Thousands stage anti-France protests in Bangladesh, Pakistan

Dhaka (AFP) –


Muslims in South Asia vented their fury at France on Friday and torched an effigy of President Emmanuel Macron over his recent remarks on Islam, with tens of thousands flooding the streets.

Smaller anti-France protests also took place in the Middle East after Macron's defence of the right to publish controversial cartoons of the Prophet Mohammed -- a position that has sparked anger across the Muslim world.

France has been on edge since the beheading this month of a teacher in a Paris suburb for showing pupils the cartoons, repeatedly published by satirical magazine Charlie Hebdo, in a class on free speech.

On Thursday a 21-year-old Tunisian jihadist suspect allegedly brutally killed three people at a church in the southern French city of Nice, further raising tensions across France.

Huge crowds took to the streets of Dhaka to condemn the French leader after Friday prayers -- the Bangladeshi capital's second anti-France protest in five days.

"We are all soldiers of Prophet Mohammed," the crowd chanted as demonstrators called for a boycott of French goods and some burned an effigy of Macron.

Police said 12,000 people took part in the Dhaka rally, though independent observers and organisers claimed more than 40,000 marched in the city. Smaller crowds gathered outside hundreds of mosques elsewhere in the capital and around the country.

"France is insulting the world's two billion Muslims. President Macron must apologise for his crimes," said Gazi Ataur Rahman, a senior leader of Islami Andolan Bangladesh, one of the political parties which called the protests.

Around 10,000 people marched through Karachi, Pakistan's biggest city, after Friday prayers in what was organised as a procession to mark the Prophet's birthday but which was charged with anti-France anger.

Another rally in Pakistan's capital grew rowdy, with stones thrown at police and tear gas fired to control the crowds.

Around 2,000 protesters in Islamabad marched towards the French embassy, pushing aside shipping containers that had been placed to block their path.

The crowed shouted "expel the French dog" and "behead the blasphemous" but were prevented from reaching the embassy by further guarded barricades.

- 'How dare they?' -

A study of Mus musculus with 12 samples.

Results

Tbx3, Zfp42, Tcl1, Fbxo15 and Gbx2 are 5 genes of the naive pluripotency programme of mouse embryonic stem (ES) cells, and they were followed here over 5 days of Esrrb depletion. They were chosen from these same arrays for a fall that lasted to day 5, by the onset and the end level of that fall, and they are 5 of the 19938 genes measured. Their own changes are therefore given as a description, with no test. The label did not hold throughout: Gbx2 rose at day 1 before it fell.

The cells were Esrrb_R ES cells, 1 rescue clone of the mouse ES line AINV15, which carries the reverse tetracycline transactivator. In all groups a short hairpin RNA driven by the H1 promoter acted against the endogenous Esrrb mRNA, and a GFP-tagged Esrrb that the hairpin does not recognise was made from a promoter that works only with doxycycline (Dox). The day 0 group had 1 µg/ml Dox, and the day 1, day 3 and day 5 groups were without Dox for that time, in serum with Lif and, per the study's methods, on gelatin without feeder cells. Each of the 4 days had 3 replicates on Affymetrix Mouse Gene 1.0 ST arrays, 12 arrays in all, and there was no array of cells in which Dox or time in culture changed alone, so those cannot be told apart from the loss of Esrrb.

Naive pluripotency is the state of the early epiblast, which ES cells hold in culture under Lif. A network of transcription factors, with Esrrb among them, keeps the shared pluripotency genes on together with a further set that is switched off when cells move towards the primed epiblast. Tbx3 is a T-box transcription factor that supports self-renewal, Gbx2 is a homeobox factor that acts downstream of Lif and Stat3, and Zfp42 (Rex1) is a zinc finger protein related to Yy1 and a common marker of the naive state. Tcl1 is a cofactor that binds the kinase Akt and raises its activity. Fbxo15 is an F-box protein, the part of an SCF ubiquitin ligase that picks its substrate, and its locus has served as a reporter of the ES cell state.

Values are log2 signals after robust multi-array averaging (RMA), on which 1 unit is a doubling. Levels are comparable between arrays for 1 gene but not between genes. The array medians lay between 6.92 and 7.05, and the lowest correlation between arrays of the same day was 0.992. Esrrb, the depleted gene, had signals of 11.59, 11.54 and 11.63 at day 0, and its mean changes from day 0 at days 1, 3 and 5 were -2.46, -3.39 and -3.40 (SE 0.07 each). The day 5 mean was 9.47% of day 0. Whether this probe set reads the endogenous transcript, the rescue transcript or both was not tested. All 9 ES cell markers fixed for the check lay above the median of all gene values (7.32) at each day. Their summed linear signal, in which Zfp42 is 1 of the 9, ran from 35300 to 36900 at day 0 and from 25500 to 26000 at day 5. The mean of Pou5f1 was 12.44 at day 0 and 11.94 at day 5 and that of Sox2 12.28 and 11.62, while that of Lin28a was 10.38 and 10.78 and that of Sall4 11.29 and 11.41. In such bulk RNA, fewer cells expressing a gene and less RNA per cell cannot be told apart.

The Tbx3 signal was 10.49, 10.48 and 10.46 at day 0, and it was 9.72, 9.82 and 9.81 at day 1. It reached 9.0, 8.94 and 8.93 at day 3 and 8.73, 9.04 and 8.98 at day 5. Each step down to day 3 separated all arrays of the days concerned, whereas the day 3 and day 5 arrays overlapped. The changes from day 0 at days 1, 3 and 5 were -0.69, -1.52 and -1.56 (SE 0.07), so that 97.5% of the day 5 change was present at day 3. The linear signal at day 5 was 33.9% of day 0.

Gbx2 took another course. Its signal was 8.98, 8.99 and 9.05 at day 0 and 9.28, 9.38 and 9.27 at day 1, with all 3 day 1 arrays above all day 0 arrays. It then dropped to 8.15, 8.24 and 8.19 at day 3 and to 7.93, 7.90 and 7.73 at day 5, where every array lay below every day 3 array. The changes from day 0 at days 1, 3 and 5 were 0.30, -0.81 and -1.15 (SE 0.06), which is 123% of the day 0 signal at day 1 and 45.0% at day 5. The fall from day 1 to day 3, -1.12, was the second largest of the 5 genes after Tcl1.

"How dare they disrespect our prophet? As a Muslim I am ready to sacrifice my head for the prophet's honour," said Rasheed Akbar, a 34 year-old trader who joined the crowd.

Small protests were also held in neighbouring Afghanistan, with thousands in the western city of Herat shouting "Death to France! Death to Macron!".

In the Lebanese capital Beirut, around 200 people protested against Macron at a rally organised by an Islamic group, and some young men clashed with police.

"France is in crisis because of Macron," read a sign held up by a protester. Another said "Islam is dear" to us.

In Jerusalem, prominent Palestinian cleric Ekrima Sabri, the sheikh of Al-Aqsa Mosque, read a statement addressed to Macron during his Friday sermon saying: "We tell the enemies of Islam... the light of Allah will cover up your words".

Palestinians rallied in Hebron, in the Israeli-occupied West Bank, against Macron and clashed with Israeli forces, witnesses said.

Macron's comments have prompted denunciations from several Muslim countries.

Pakistani Prime Minister Imran Khan has accused the French president of attacking the Muslim faith and urged Muslim countries to work together to counter what he called growing Islamophobia in Europe.

Iran's supreme leader Ayatollah Ali Khamenei called Macron's defence of cartoons depeciting the prophet a "stupid act" and an "insult" to those who voted for him.

More than 40,000 took part in an anti-France demonstration in Dhaka earlier this week, and the country's embassy there has been given extra security.

In India, where the Hindu nationalist government has strongly backed Macron, leaders of the country's minority Muslim community have called for a boycott of French goods.